Sky has warned it could close down Sky News if it proves a sticking point with regulators in its £11.7bn takeover by Murdoch-owned 21st Century Fox.
The threat to review the future of the news channel if a deal is blocked was made in a submission by Sky to the UK Competition and Markets Authority.
The body is undertaking a six-month investigation into whether Fox’s purchase of the remaining 61pc of Sky it does not already own would limit media plurality and affect broadcasting standards.
Sky said the competition watchdog should not “simply assume the continued provision of Sky News and its current contribution to plurality absent the transaction”.
The broadcaster warned it “would likely be prompted to review the position in the event that the continued provision of Sky News in its current form unduly impeded merger or other corporate opportunities available in relation to Sky’s broader business”.
Its shares tumbled 1pc yesterday, to close at 930p, wiping more than £160m off its market capitalisation.
The CMA was asked to launch the investigation by Culture Secretary Karen Bradley in September, in a surprise move which saw the Government effectively overrule Ofcom .
The media regulator had conducted its own three-month probe earlier this year, finding there were grounds to refer the deal to the CMA for scrutiny over media plurality but not over broadcasting standards.
In its comments to the CMA, Sky said, as regards to whether its takeover by 21st Century Fox would harm broadcasting standards, “there would have to be something in the nature of [Fox’s] corporate governance that gave rise to an identifiable risk of it degrading Sky’s existing procedures such as to create an ‘identifiable risk in terms of broadcast standards compliance'”.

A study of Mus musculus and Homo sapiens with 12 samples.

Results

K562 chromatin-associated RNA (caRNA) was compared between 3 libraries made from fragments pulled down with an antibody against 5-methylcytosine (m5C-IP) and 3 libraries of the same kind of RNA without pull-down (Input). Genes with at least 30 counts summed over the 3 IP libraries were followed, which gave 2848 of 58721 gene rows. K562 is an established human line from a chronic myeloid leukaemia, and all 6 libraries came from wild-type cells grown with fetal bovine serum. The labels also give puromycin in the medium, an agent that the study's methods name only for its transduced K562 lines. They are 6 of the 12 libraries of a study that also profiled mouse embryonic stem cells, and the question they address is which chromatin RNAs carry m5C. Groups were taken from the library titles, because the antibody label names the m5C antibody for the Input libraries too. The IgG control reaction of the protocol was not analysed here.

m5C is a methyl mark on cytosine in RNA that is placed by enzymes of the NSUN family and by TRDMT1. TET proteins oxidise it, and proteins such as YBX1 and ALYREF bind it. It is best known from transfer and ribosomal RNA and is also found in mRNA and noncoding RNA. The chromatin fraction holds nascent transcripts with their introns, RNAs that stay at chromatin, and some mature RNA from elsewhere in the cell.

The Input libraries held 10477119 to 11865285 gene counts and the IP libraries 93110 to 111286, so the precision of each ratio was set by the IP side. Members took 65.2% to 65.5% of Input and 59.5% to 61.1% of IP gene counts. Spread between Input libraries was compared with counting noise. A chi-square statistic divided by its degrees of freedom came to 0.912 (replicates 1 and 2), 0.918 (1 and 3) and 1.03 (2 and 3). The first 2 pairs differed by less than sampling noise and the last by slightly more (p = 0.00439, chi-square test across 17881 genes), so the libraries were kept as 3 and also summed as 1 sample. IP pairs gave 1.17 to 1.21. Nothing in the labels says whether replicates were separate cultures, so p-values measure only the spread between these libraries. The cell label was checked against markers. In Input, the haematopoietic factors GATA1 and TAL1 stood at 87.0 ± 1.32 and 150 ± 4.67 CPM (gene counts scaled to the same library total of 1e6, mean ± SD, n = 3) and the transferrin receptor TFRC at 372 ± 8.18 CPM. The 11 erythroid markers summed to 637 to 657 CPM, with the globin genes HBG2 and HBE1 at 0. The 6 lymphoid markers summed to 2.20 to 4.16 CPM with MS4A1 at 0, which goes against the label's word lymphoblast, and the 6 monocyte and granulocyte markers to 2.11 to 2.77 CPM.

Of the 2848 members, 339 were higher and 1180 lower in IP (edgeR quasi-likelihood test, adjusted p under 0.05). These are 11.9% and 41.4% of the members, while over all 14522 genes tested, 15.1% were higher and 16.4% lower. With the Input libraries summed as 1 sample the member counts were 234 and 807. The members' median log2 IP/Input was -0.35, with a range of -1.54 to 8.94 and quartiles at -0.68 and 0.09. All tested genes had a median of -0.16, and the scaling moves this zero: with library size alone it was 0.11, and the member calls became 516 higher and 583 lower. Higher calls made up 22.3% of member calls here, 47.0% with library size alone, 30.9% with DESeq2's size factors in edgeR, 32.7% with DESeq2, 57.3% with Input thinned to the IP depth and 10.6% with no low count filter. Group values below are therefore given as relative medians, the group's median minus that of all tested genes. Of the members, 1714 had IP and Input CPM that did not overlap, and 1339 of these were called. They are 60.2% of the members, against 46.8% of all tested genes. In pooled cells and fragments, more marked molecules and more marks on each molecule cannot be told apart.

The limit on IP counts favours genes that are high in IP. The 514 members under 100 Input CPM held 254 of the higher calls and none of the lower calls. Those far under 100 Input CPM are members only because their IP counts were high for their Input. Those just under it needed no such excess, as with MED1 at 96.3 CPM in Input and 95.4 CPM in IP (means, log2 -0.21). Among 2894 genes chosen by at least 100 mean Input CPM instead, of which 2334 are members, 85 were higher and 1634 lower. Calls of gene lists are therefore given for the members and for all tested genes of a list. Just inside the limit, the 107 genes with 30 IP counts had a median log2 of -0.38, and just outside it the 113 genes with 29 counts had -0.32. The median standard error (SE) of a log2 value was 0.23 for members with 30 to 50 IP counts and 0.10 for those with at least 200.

It said the CMA should place “significant weight” on Ofcom’s findings that both 21st Century Fox and Sky’s records of compliance are “‘good’ and ‘in line with other broadcasters'”.
Earlier this week, though, Ofcom ruled that 21st Century Fox-owned Fox News channel had in fact twice breached UK broadcasting impartiality rules, before being pulled from airwaves in August.
Signs that 21st Century Fox’s optimism is waning over whether the deal will complete emerged on Monday, with reports that it had held talks with Disney to sell its stake in Sky, among other assets.
Analysts at Liberum said the discussions could be seen as a sign that it was “less confident” that it would gain regulatory approval from the UK Government for its Sky deal, and “may scrap its bid”.
Should the deal fail, it would be the second time a Murdoch takeover of Sky is scuppered, with its earlier attempt, in 2015 under the News Corp banner, falling through amid political fallout from the phone hacking scandal.